A new study to find a safer, efficacious and more patient-friendly treatment and improved diagnostic tools for people living with visceral leishmaniasis (VL) begun in eastern Africa. The study is within the new wider Afri-KA-DIA Consortium that got funding from The European & Developing Countries Clinical Trials Partnership (EDCTP).
VL is a neglected tropical disease spread by the bite of an infected female sand-fly. There are up to 90,000 new cases of VL every year worldwide. Fatal if left untreated, currently its highest burden is in eastern Africa (Eritrea, Ethiopia, Kenya, Somalia, South Sudan, Sudan and Uganda) where most people affected live in remote areas far from health facilities. Children are particularly vulnerable.
The study, which began in January 2018 takes place in eight sites in Ethiopia, Kenya, Uganda, and Sudan for a period of three years and enrol a total of 576 patients. More than 20 patients have already been enrolled in the study from trial sites in Ethiopia, Kenya, and Sudan.
The large-scale Phase III clinical trial seeks to assess the efficacy and safety of a combination of miltefosine and paromomycin in treating VL in eastern Africa.
Today’s first-line treatment in the region – consisting of paromomycin, an injectable treatment used in combination with sodium stibogluconate, which is administered either through injection or intravenously – was shown to be effective following a clinical trial carried out by the Leishmaniasis East Africa Platform (LEAP), Drugs for Neglected Disease initiative (DNDi) and other partners in 2010.
However, this treatment remains sub-optimal, as patients may suffer from rare but heavy side effects, such as cardiotoxicity, hepatotoxicity, and pancreatitis, and is difficult to administer since patients must endure two painful injections every day for 17 days.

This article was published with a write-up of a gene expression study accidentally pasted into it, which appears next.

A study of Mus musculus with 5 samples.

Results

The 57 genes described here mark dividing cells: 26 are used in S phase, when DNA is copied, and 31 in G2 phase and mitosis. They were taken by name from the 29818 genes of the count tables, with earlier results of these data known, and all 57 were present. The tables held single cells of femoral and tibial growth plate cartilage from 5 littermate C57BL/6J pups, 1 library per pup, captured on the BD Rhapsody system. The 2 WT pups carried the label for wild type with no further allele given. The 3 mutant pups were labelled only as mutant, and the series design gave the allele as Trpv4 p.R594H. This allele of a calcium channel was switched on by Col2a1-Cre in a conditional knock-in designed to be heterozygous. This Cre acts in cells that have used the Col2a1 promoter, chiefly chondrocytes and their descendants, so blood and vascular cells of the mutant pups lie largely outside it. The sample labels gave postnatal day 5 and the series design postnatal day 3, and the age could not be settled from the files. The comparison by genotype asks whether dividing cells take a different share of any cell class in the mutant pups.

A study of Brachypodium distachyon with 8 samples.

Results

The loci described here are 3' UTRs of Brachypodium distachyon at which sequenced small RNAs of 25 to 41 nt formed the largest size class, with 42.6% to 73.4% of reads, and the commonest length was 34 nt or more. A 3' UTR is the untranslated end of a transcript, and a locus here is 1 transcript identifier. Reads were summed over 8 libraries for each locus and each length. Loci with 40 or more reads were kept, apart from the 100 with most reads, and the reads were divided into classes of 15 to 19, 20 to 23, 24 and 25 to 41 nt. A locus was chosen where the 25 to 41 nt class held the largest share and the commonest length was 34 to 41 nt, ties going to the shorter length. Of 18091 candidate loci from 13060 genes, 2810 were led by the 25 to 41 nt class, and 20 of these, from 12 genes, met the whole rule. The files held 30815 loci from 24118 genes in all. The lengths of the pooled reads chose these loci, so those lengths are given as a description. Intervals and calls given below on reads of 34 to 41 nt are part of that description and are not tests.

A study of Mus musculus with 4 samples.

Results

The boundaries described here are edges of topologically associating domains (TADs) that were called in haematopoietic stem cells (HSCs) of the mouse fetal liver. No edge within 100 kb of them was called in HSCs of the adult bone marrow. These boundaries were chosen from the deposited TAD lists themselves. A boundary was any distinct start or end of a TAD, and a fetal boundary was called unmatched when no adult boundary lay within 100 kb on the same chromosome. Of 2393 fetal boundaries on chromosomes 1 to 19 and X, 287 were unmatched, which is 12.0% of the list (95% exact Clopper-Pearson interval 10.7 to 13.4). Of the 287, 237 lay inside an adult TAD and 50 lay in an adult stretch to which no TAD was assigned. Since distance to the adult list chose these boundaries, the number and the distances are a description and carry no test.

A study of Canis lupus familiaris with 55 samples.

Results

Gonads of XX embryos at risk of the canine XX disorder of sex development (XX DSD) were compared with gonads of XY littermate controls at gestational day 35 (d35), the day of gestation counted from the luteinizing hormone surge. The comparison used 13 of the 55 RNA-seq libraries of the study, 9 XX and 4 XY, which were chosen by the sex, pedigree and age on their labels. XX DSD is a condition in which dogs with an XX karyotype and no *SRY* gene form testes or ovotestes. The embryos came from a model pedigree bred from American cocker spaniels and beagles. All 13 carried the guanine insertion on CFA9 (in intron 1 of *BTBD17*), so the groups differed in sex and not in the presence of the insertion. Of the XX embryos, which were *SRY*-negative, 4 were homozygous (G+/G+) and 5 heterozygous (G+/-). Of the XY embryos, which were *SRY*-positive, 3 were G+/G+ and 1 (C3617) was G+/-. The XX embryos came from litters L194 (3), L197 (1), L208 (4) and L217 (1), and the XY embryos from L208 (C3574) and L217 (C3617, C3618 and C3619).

If found to be efficacious, the introduction of miltefosine (the first oral treatment registered for VL in 2002 in India and used in the VL Elimination Program in 2005 in India, Bangladesh, and Nepal) in combination with paromomycin will reduce the difficulty in treatment administration and lengthy hospital stays for patients.
“Despite an improvement in the treatment of VL, there is an urgent need for alternative new combination treatments that are efficacious, safe, of short duration, affordable, and suited for remote areas in eastern Africa,” said Dr Jorge Alvar, Project Coordinator, Afri-KA-DIA Project. “The combination of miltefosine and paromomycin has shown to be very successful in South Asia. We now need to adapt and test it in this region, as it would be a good option to replace the antimonial-based treatments.”
The study will run hand-in-hand with an assessment of innovative non-invasive diagnostic tools in managing VL cases within routine patient care. Countries in the region such as Kenya still use splenic aspirate for diagnosis – an invasive diagnostic technology which is dangerous if performed incorrectly.
“This package of care combining oral treatment and a specific diagnostic tool for primary VL could potentially improve overall case management in eastern Africa and be the cornerstone of successful control and elimination approaches for national programmes in the region,” said Dr Monique Wasunna, Director, DNDi Africa.
The clinical trial will be conducted under the umbrella of the new Afri-KA-DIA Consortium composed of ten academic and research partners who have conducted innovative VL clinical trials in eastern Africa over the past 12 years. The trial is being implemented under LEAP, a research and training platform dedicated to conducting trials in leishmaniasis, coordinated by DNDi’s regional office in Kenya with members drawn from Ethiopia, Kenya, Sudan, and Uganda.
“I am very excited as the current Chairperson of the LEAP platform that we are participating in this important study under the Afri-KA-DIA Consortium. Through such partnerships, we hope to find the best treatment for VL patients,” said Prof. Asrat Hailu, Addis Ababa University.